Ministers are just weeks away from launching a £4.5 million pilot scheme with the Boston-based Institute of Healthcare Optimisation (ICO), which has been credited with masterminding radical improvements at hospitals in the US and Canada.
The institute's analysts will work alongside NHS Scotland staff, collect-ing and analysing data using complex mathematical models before applying a "queueing theory" to healthcare.
Professor Jason Leitch, clinical director of NHS Scotland, described the system as a "fairly radical redesign" of the way doctors have worked over the past six decades.
The project, which will initially be introduced at NHS Forth Valley, aims to lessen peaks and troughs in patient demand which can leave hospitals too quiet at some periods and struggling to cope at others.
It will be based on the US analysts' knowledge of the experiences of airports and supermarkets, which cope with frequent spikes and dips in demand.
Under the proposals, consultants will be asked to spread different aspects of their case loads throughout the week. Currently they can be left to solely run clinics on one day and carry out opera-tions on others, causing other parts of hospitals to become log-jammed.
It is hoped the model will improve the flow of patients through hospitals from admission to discharge and lead to a substantial reduction in the practice of "boarding". This is when patients are treated in beds in inappropriate parts of hospitals because of a lack of space.
The model will seek to bring in separate teams for emergency patients and those with scheduled appointments. Professor Leitch said it could also cut the length of patients' stays in hospital and see fewer operations cancelled.
He added: "We know God will break hips and crash cars. The variation in unscheduled, emergency care is quite small and we can predict it.
"When humans get involved, with scheduled care, the variations are much bigger by the day. You get a busy Monday and a quiet Tuesday. If you do all your operations on Friday, Saturday is busy as all the beds are full.
"If you divide work over the whole week, and maybe move to seven-day working, you smooth it out. There are differences in our system and this isn't simple. But I have seen this work. We are not suggesting we do it without care and compassion, but why not try to learn from people who run airports if we can apply the same methods?"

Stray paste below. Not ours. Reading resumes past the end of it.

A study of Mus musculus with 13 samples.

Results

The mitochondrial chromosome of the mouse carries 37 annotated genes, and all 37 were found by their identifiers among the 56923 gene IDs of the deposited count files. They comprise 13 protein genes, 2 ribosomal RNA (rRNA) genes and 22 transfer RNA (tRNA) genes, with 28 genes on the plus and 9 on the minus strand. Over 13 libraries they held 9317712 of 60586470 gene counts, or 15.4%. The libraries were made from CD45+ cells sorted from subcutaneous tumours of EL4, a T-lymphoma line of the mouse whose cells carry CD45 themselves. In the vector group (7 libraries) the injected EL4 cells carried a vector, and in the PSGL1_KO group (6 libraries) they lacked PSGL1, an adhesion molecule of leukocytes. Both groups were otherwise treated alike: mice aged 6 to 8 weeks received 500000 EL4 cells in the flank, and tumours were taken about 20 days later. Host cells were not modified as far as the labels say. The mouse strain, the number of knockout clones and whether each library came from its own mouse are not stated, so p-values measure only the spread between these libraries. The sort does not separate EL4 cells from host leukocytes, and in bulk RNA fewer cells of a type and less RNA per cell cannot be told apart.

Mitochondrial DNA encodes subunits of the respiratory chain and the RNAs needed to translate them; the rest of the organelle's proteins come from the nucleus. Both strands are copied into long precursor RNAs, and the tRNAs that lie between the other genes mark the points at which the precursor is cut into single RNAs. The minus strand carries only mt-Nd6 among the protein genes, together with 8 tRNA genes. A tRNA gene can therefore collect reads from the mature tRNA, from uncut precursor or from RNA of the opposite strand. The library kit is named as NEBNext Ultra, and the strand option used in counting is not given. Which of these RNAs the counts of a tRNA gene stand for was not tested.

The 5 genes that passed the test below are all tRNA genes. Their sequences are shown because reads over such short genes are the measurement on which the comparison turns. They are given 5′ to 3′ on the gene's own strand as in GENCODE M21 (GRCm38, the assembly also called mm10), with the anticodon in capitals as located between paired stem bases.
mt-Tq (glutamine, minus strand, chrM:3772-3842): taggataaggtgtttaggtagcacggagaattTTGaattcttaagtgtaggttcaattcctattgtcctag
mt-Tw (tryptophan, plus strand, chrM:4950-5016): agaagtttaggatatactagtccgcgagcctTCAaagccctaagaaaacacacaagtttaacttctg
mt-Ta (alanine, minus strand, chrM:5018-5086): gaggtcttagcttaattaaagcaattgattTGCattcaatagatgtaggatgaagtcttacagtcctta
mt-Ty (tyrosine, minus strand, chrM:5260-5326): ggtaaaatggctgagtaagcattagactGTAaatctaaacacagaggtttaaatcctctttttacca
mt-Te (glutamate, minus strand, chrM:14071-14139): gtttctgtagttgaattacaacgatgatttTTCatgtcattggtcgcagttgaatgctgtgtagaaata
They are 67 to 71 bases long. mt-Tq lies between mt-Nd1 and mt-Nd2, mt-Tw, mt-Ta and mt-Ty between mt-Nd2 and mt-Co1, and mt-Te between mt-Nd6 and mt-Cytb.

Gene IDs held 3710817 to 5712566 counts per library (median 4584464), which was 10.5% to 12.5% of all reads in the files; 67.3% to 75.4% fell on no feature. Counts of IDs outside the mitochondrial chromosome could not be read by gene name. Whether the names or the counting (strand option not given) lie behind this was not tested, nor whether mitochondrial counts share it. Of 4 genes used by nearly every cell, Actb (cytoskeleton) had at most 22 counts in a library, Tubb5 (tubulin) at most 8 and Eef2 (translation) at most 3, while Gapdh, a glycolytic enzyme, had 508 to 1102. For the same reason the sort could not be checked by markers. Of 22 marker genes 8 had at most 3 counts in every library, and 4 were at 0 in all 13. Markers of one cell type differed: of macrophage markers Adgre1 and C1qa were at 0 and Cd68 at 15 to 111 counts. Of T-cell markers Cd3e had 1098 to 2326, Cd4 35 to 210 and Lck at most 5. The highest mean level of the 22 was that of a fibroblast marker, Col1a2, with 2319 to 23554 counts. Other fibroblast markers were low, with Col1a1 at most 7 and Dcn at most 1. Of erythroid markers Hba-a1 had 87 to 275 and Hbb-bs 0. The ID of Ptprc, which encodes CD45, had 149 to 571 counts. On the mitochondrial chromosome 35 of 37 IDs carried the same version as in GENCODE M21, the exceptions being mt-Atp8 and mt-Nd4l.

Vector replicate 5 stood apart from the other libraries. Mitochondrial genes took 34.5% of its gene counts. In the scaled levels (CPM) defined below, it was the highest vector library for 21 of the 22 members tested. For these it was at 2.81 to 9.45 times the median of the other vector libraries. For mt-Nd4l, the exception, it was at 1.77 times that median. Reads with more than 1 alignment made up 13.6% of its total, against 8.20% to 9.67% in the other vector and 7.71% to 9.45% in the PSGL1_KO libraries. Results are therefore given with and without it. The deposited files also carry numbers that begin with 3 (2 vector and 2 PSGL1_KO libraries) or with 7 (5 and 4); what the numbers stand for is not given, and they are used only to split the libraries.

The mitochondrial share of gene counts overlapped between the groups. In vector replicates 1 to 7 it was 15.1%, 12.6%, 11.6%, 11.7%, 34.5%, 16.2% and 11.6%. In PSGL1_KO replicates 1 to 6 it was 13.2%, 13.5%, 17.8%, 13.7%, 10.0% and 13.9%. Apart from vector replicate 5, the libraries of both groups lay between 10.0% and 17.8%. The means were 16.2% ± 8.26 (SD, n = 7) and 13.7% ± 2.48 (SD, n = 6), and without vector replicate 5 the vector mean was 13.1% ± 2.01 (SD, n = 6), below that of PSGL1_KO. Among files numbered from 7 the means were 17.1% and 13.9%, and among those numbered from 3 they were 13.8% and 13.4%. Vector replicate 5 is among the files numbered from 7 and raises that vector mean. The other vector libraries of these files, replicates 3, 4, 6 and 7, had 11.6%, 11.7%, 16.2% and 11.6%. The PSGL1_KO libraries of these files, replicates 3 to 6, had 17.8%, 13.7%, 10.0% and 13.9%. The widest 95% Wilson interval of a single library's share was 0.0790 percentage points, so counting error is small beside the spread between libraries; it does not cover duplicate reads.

After Forth Valley, the system is to be introduced at Scotland's biggest health board, NHS Greater Glasgow and Clyde, Tayside and the Borders. It may be rolled out across Scotland if successful.
The system resulted in surgery waiting times at a hospital in Cincinnati in the US falling by more than 25% on weekdays and one-third at weekends, despite a rise in cases. The hospital cancelled a planned £60m extension as a result. The system was also a success in Florida, Boston, South Carolina, Maryland and Ontario, Canada.
Another, gentler method of managing hospitals, which has already been used in England, will mean more resources and services are available during evenings rather than mornings. The testing of how these small changes impact on the service will be trialled in NHS Lanarkshire.
The overhaul is likely to lead to a redesign of doctors' job plans, but the Scottish Government anticipates that the trials will attract broad support.
Dr Dan Beckett, a consultant physician at NHS Forth Valley who will be national clinical lead for the project, described the work as "a genuinely exciting opportunity" to work with experts redesigning hospital systems.
He said: "It has the potential to transform hospital healthcare over the next three years, if it works as we hope it will. This is a radical shake-up about trying to reduce queues. If you're in Tesco and there's more than two people in a queue you get a bing bong and two more people appear, and the queues get shorter. It's using that kind of modelling in hospitals."